By Salvatore Di Vita
On a clear cold night, shepherds could be seen keeping vigil over their flocks, while in a nearby cave a man and woman gaze upon a tiny figure lying in a manger. In the cave with them are several townspeople who have come to praise the new king. A small shepherd boy, trying not to be a bother, stands on tipped toes and stretches his neck to look over Joseph’s shoulder in hopes of getting a glimpse. There are also a flute player, an artisan and blacksmith to name a few. And there within plain view of the manger can be seen three great figures in royal attire, kings all three on their knees bearing gifts.
The date was December 24, 1223. Those in the cave are members of the village of Greccio, in the region of Lazio, Italy, brought together for the first re-creation of the birth of Jesus Christ by a monk known as Francis from the town of Assisi.
The idea first came to him on the grassy hills outside of Greccio where it was quite common to see shepherds tending their flocks. Francis often walked these hills watching this almost biblical scene and what he saw inspired him. He would re-create a scene depicting the birth of Jesus Christ as a way of conveying the ideas of Christmas as well as promoting the Christmas spirit to an illiterate congregation. To do this he recruited townspeople and had them dress in biblical garments and he placed them in and around the cave on the outskirts of the village. He also added farm animals for authenticity. In the manger was a life-sized wax figure of the infant Jesus. It was truly a sight to behold, and the event stirred much curiosity and interest across the land.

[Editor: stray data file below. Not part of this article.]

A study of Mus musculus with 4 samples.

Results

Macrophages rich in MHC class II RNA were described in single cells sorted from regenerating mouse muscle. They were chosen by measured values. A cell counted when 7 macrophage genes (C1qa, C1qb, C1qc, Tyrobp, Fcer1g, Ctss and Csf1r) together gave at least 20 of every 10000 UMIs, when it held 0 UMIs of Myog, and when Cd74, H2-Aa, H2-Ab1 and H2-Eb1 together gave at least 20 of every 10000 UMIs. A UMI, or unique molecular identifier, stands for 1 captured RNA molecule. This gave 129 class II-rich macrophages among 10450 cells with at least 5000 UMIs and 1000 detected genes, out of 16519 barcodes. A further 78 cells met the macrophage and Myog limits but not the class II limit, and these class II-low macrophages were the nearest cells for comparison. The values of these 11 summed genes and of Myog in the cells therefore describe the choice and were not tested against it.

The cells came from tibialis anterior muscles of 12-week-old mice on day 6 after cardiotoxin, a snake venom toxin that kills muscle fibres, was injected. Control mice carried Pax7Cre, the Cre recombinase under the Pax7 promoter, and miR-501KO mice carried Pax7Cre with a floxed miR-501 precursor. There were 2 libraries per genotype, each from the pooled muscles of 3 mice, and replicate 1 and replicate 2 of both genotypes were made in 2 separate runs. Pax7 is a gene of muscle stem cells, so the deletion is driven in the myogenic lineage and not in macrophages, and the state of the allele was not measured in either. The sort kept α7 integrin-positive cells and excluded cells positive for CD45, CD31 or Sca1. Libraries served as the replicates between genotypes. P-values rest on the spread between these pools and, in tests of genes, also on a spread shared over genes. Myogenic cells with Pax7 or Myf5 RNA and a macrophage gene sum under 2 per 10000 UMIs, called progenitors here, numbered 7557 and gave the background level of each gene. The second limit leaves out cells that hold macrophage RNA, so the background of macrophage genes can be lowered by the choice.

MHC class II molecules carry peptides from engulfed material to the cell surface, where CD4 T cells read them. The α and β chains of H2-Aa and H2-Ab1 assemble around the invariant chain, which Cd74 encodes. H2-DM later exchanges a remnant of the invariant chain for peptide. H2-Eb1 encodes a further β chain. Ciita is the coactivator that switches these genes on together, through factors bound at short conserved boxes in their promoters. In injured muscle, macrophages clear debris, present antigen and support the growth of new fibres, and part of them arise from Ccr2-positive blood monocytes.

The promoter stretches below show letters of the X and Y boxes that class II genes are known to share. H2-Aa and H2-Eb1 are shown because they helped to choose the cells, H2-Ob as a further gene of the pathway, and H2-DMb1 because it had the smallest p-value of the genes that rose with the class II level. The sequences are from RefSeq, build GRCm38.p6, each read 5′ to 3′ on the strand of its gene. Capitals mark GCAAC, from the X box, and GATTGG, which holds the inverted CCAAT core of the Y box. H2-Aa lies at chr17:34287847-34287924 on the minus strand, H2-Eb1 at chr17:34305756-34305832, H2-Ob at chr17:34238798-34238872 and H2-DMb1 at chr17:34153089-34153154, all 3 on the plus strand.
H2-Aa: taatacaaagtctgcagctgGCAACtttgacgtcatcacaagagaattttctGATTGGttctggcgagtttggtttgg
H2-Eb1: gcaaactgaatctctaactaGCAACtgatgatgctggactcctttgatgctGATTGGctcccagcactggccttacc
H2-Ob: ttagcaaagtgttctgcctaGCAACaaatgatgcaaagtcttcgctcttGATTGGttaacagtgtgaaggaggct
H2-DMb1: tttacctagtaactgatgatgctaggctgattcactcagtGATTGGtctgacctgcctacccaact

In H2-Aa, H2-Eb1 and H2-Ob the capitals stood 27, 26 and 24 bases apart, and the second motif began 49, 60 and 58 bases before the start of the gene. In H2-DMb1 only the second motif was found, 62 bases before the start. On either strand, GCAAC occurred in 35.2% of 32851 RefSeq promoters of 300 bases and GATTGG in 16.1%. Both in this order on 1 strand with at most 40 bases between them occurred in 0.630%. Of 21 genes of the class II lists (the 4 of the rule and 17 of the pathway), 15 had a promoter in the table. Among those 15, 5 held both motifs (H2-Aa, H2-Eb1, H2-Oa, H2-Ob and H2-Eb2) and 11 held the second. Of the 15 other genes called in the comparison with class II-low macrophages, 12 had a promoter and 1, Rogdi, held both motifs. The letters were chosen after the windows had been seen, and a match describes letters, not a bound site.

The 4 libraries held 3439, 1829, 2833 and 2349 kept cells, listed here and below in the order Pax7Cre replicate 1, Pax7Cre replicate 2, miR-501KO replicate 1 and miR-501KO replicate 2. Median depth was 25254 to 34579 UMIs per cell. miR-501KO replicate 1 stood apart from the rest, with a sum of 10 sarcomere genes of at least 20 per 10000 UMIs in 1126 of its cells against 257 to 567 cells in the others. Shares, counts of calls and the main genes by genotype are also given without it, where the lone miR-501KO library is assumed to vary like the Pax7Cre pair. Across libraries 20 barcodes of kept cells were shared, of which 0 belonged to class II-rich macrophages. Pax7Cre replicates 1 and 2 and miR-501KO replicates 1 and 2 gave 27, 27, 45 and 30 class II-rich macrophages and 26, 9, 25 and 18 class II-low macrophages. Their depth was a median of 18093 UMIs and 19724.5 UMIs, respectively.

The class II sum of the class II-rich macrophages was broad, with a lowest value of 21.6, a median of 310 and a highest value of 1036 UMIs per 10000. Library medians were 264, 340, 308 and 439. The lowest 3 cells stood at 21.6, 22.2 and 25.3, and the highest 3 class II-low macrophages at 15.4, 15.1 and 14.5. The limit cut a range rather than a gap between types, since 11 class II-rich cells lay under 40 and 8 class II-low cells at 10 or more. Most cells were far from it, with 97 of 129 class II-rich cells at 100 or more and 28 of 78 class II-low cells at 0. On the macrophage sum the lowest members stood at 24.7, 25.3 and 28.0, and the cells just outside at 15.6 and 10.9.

As the years passed, word of the nativity scene began to spread. On Christmas Eve, families traveled far and wide to witness the spectacle. Over time, the nativity scene, or presepio, as it is called in Italy, grew in popularity. Other towns began featuring them and soon, people had individual nativity scenes in their homes by using wood-carved figurines. Before long the Christmas nativity scene had spread throughout Western Europe. As Catholicism flourished worldwide, so did the concept of the nativity.
Today in practically every country in the world, the nativity scene is used in the celebration of Christmas by Catholics and Protestants alike. Children from one generation to the next attach themselves to these toy-like figurines and take pride in knowing the names of each character assembled around the manger.
And it all happened because a Franciscan Friar, by this simple act and a desire to teach, had set into motion a chain of events which created a phenomenon that even he would probably never have imagined.